The Circuit de Catalunya was built in 1991 and hosted its first Grand Prix that same year - it was won by Nigel Mansell. Construction coincided with the Olympic Games scheduled to take place in 1992 when the circuit acted as the start and finish for the road team time trial cycling event.
Because so much testing is done at the circuit, drivers, engineers and mechanics are extremely familiar with it, consequently this has led to criticism that this reduces the amount of on-track action.
When first used, overtaking was frequent as cars could follow closely through the last two corners and slipstream down the long pit straight. As aerodynamic balance became more critical, this drastically decreased as cars were unable to follow each other through the fast final corner due to turbulence. Consequently, in 2007 the first of the two final corners was replaced with a slow chicane in an effort to improve overtaking, however, it has yet to have a significant effect.
The circuit has been the site of some memorable moments. In 1991, Ayrton Senna and Nigel Mansell raced down the entire pit straight side-by-side while duelling for second place, with Mansell eventually taking the position and ultimately the race itself. In 1994, Michael Schumacher managed to finish in second place despite driving over half the race with only fifth gear. In 1996, the German took his first win as a Ferrari driver, after a dominant performance during a torrential rainstorm.
he 1999 race was notable as there was only one reported overtaking move during the entire Grand Prix. In 2001, Mika Hakkinen suffered a clutch failure on the last lap whilst leading, thereby handing the win to Schumacher. At the 2006 event, Fernando Alonso became the first Spanish Formula One driver to win at his home country's track.
The wind direction at the circuit can change drastically during the course of the day, a significant factor given the importance of aerodynamics to modern Formula One cars. Consequently, it is hard to find a good set-up since cars can have massive aerodynamic drag and understeer on one part of the circuit in the morning, but suffer oversteer at the same part of the circuit in the afternoon. A given tyre compound can work well when tested, but not so well a couple of months later. These changeable conditions can make for unexpected performances from some teams during races.
The Circuit de Catalunya plays host to many other racing series, including MotoGP. However, the chicane which was put in the penultimate turn for F1 does not play a part in the track layout for Moto GP.
Fast Facts - Provided by the FIA
2018 marked the 48th Formula 1 World Championship Spanish Grand Prix and the 28th edition at the Circuit de Barcelona-Catalunya. The circuit first held the race in 1991 and has been the home of the Spanish Grand Prix ever since.
Four other venues have hosted Spanish GPs. The first event place at Barcelona's Pedralbes street circuit in 1951, with a second race taking place in 1954. After slipping off the schedule, the grand prix returned in the late 1960s, alternating between Madrid's Circuito del Jarama (1968, 1970, 1972, 1974) and Barcelona's Montjuic (1969, 1971, 1973, 1975). Following the cessation of F1 racing at Montjuic, Jarama hosted races from 1976-1979 and in 1981, while the Circuito de Jerez featured from 1986 to 1990.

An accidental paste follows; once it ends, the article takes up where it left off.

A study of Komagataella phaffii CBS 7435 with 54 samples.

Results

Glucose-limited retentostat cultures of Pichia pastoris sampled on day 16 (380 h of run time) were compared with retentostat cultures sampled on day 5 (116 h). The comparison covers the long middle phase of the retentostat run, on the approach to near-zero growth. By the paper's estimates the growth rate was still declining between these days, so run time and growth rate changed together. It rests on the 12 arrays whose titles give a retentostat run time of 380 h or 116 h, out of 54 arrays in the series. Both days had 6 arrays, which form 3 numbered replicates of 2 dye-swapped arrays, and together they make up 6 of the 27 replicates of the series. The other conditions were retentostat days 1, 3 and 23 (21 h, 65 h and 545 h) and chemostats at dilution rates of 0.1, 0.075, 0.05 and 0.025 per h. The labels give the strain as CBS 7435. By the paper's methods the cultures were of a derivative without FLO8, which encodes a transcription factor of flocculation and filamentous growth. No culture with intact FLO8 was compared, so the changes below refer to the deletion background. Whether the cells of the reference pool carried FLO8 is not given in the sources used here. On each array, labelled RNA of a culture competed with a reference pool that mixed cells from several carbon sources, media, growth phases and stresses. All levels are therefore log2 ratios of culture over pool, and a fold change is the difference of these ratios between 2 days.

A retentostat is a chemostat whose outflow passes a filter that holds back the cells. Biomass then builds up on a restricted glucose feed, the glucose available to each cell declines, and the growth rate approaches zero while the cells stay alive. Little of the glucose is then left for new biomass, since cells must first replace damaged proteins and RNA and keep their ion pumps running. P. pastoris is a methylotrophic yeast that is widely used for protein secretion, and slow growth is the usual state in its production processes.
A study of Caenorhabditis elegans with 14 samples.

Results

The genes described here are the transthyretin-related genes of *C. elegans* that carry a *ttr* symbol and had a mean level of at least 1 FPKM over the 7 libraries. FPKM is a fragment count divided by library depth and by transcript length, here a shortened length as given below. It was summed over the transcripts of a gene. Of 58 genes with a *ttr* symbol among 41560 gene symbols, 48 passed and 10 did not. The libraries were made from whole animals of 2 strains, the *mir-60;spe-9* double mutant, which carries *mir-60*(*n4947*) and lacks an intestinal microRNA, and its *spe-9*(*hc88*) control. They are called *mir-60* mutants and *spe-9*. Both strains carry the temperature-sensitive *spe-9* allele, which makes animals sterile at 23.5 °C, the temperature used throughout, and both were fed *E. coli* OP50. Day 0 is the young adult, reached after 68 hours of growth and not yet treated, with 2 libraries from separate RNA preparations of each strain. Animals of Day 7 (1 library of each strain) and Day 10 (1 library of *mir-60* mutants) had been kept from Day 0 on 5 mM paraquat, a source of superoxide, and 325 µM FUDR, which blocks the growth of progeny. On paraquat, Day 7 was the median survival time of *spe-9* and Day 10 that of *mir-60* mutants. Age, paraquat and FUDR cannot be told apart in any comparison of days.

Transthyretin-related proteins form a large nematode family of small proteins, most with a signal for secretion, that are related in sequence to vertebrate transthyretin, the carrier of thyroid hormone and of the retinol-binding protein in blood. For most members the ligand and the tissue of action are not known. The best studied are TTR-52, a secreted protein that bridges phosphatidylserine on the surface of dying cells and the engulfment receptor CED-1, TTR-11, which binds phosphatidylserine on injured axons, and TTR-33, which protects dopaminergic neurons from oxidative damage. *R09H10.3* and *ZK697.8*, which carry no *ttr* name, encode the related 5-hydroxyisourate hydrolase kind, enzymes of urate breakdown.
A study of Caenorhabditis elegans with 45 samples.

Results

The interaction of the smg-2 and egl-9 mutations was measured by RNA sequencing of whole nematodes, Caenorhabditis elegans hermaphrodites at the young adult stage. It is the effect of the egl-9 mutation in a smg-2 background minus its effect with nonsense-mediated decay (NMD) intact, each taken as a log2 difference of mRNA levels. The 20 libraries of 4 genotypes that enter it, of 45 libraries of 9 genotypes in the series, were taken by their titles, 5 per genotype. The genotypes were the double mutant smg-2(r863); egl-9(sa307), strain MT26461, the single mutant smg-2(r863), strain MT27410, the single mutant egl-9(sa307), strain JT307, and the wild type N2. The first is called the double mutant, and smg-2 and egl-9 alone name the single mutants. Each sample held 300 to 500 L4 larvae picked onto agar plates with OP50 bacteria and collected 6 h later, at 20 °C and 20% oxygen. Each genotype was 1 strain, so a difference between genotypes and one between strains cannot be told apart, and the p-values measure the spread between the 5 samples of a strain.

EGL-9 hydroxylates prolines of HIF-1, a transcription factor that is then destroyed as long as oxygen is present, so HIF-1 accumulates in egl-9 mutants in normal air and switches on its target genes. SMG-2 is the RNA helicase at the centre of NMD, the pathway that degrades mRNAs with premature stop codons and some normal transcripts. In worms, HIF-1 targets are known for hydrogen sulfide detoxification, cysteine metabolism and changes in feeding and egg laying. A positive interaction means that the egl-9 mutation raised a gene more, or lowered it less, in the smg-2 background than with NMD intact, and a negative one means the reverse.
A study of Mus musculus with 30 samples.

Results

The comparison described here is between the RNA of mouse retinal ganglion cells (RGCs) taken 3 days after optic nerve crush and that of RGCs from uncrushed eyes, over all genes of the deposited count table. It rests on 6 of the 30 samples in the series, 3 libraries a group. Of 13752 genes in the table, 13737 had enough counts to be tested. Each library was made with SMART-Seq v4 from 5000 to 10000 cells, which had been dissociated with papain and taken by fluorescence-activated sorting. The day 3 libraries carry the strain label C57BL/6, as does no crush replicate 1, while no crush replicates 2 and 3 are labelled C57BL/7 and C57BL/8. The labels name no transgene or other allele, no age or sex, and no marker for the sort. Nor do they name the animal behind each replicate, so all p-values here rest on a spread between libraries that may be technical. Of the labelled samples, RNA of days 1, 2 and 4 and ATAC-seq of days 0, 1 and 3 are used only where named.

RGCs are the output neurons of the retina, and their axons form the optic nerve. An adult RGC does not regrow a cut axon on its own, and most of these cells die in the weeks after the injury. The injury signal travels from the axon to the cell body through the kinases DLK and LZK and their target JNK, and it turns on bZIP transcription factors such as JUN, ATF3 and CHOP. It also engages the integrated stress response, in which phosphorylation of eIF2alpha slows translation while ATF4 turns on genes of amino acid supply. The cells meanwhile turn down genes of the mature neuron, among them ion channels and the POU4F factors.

Michael Schumacher is the most successful driver at the Spanish GP, with six wins (1995-'96, 2001-'04). All the German's victories were scored in Barcelona. A quartet of drivers share second place on the list, with three wins each: Jackie Stewart (1969-'71), Nigel Mansell (1987, 1991-'92) and Alain Prost (1988, 1990, 1993).
Ferrari are the most successful team at the Spanish Grand Prix with a dozen wins, eight of which were scored at the Circuit de Catalunya. The Scuderia's first win in Spain was at the 1954 Pedrables race courtesy of Mike Hawthorn and its most recent was in 2013 with Fernando Alonso. McLaren is next on the list with eight Spanish GP wins, although only four were scored in Barcelona.
Five Spanish Grand Prix winners will line up on the grid this weekend: Kimi Raikkonen (2005, 2008), Fernando Alonso (2006, 2013) Sebastian Vettel (2011), Lewis Hamilton (2014, 2017) and Max Verstappen (2016).
Schumacher again leads the way on pole positions at the Spanish GP, with seven - in 1994 and 1995 and then with a straight run from 2000-2004. Hamilton has the most Spanish GP pole positions of a current driver, with three. All three were achieved with Mercedes, in 2014,
2016 and last year.
Grid position counts for much here. In only three of the 27 grands prix run to date at the Circuit de Barcelona-Catalunya has a win been scored from beyond the front row of the grid. Michael Schumacher took victory from third place on the grid in 1996, Max Verstappen, scored his maiden grand prix win after starting the 2016 edition from fourth place, while Alonso is the current record having scored his 2013 from fifth place on the starting grid.
Of the current grid, home hero Alonso also takes the honours for most podium finishes in Barcelona, with seven. His first taste of champagne in Spain was in 2003, with second place for Renault. He brought the Anglo-French team two more podiums, in 2005 (P2) and 2006 (P1). In his 2007 he finished third at the wheel of a McLaren. In 2010 and 2012 he was second for Ferrari, before taking his most recent F1 win, again with the Scuderia, in 2013.
It's 44 years since Mercedes nonexecutive director Niki Lauda won for the first time in his F1 career, at the 1974 Spanish Grand Prix at Jarama, driving for Ferrari. The Austrian would score a further 24 victories, the final one arriving with McLaren at the 1985 Dutch GP.